I don't know about you, but it is easy for me to watch other ministry professionals' career take off and soar and wonder when it is going to be my turn. This feeling has plagued me throughout my entire career. It has looked differently over the years. Why did I get passed up for that job? Why is my group stagnate while the church down the street is booming? Why don't I get to preach more? Why did that guy get picked to speak at that retreat? Why did they get to be a part of that cohort, and I wasn't? Why did they choose her to write that article and not me? Why did my proposal get turned down, and theirs was accepted? I recognize that at the core of who I am, I wrestle with envy. Now, part of this is of course sinful. Watching what others have and wanting that for myself. That part is part of my flesh that I must die to every day. But if we are honest, part of this battle is that there is a real vision of the person that God has made me to be, and I am in the birth pains of trying to work that out.
If you can humor me for a minute. Assuming that we have done the hard spiritual work of dying to our fleshly envy, what is left is some unrealized vision of who we might be if we were fully living into the person God made us to be. And what I want to do is figure out who that person is, and then run after it with all my might. So when I use terms like, "advance" or "move upward," I am simply saying that there is a larger call that is being pursued.
What I have noticed is that there are some poor theology, laziness, and fear of failure that justifies why many of my colleagues and I are stagnate in our professional development and not living into the larger dream God has put in our lives. This is what I mean: Poor Theology: When I look around at my peers and see the fruit of their ministries, the opportunities they have to speak, the invitations to be a part of special cohorts, the books and articles that they publish, I think that it must all be spiritual. These people are faithful to their calling and God has blessed them. Now while that is entirely true across the board, what is untrue is that it is simply a spiritual matter that they are advancing in their careers.
A book that has changed my life is Malcolm Gladwell's book Outliers. In this book, Gladwell challenges the assumption that it is simply hard work that moves people along the path of career advancement. And in the Church we can add, God's will. But what Gladwell observes is that people are born into unique settings with unique connections that allow for certain kinds of success.
Going back over my list of people who I am envious of, I realize that many of them have had very unique opportunities based on their unique connections. Working at a mega-church, or being friends of a well known and connected pastor, or being related to someone connected are the easiest and main ways people advance in careers in ministry. On a side note, once you are given the opportunity, it is imperative that you come through and do a good job. But if the connection is made and you can adequately accomplish the task given, doors begin to open for you.
Now you have opportunities to speak at camps and retreats, present at conferences and trainings. And as you do this well, more and more doors will open up to you.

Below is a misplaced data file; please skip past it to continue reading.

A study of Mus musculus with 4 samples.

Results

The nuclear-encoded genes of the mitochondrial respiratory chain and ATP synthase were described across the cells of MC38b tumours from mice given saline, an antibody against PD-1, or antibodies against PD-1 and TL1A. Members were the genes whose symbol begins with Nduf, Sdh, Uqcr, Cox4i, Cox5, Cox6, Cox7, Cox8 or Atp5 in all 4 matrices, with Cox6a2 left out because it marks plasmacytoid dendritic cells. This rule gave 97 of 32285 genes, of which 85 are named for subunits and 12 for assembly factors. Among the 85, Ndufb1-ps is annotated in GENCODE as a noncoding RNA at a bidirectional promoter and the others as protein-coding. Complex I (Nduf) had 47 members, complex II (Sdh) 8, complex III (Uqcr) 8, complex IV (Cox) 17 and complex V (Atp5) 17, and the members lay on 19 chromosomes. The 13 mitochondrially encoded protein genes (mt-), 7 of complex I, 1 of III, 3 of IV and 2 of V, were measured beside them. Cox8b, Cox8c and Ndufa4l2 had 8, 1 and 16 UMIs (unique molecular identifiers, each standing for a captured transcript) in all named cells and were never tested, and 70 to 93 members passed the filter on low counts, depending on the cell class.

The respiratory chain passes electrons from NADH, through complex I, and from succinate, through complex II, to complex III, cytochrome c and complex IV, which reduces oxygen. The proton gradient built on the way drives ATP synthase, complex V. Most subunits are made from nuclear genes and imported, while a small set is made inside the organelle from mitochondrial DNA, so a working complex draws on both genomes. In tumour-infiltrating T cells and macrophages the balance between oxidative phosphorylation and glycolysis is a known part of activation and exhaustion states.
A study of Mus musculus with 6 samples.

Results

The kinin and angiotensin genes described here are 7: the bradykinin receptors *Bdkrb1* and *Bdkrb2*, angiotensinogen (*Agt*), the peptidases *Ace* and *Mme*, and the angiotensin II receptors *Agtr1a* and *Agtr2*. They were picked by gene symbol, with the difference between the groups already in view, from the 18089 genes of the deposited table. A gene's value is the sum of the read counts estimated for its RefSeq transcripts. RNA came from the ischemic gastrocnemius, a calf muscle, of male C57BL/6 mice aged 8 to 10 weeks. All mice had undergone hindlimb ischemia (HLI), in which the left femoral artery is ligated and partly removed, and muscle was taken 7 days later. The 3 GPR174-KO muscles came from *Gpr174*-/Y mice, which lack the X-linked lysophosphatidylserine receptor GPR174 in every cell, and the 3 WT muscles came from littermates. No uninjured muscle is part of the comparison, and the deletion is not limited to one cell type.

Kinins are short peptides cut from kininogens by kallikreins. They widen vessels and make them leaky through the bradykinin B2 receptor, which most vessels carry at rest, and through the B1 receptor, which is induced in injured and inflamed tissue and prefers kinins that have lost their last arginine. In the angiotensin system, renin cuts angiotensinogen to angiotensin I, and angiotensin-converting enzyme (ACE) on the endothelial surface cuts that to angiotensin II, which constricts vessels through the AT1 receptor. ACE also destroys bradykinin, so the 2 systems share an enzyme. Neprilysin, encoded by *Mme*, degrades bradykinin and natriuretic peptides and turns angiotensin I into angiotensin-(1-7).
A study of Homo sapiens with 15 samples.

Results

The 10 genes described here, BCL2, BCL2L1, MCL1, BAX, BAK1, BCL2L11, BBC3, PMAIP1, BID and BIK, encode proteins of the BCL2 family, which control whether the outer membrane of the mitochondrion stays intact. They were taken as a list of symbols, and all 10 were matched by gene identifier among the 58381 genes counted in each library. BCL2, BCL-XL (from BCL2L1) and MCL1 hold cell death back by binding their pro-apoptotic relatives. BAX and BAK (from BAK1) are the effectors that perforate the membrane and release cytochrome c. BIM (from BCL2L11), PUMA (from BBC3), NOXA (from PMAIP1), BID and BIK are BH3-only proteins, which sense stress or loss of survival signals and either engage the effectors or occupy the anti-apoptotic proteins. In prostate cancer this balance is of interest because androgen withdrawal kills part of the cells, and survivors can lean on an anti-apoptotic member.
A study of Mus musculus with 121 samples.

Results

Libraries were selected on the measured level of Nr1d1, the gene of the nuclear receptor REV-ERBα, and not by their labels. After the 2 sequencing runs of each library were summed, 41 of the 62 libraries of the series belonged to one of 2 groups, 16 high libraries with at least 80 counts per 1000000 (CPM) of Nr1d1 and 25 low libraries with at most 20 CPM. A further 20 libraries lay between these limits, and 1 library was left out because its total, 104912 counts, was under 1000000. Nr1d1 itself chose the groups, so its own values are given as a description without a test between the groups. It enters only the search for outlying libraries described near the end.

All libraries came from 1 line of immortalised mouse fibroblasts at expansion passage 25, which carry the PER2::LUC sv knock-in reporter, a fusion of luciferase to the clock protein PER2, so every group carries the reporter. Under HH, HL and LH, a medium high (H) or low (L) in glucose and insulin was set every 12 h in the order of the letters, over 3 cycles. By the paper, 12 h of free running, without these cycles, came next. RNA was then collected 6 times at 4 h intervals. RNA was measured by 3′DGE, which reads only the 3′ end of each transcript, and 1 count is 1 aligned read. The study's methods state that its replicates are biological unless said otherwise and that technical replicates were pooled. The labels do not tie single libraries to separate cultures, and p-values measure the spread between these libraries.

But what about the people who did not land in a context that allows them to make connections and advance in ministry. There are many youth workers who are in this camp, who excel in their small-unconnected context, faithfully serving. For most of my career in ministry I have found myself among the unconnected. God has given me a vision of what kind of youth worker I can be, what unique things I can bring to the table in my local context and beyond. But if I land in the place where I actually think that it must just be God's will to only do X or only be Y, then I am afraid I will be missing out what God actually might have in store for me.
I love the story of Joseph who had a vision of himself where he was going to be someone respected and bowed down to by his brothers. It was a dream given to a spoiled kid. Because Joseph shared that vision of who he was going to be in an immature way, he paid the price. He was sold into slavery, wrongly accused and spent years and years in prison. But sure enough, as God was refining his character, the vision of what God originally put in his heart, finally came to fruition. A similar account happens with David who was anointed at a young age, but doesn't live into that anointing until years later. Even Paul was given a vision of who we was going to be in the church, but it took years of trials and testing until that was proven true.
I firmly believe that God gives us certain visions of who we are to be in the body of Christ. There is no hierarchy of visions or places God calls us into in His body. The body of Christ is so diverse and made up of so many unique parts. The vision God has given me will be different the vision God has given you. So, no mater what the calling God gives us, we are to be faithful to pursue that calling with all of our hearts and will all of our strength.
Too often, we simply affirm that God has given us a vision to do something or be someone, and then we sit and wait for our big break. We can not be passive in this pursuit of our calling. God rarely grabs passive people waiting for him to show up. We all know that it is easier to steer a car in motion then one standing still, and the same must be true as we work out our calling. We cannot rely on poor theology and passively stand by as our our dreams wither and die. We must get off our butts and work hard to pursue God and work out our calling.
Next we will look at our natural bent toward laziness and the status quo and how that squashes our abilities and opportunities to advance toward our call.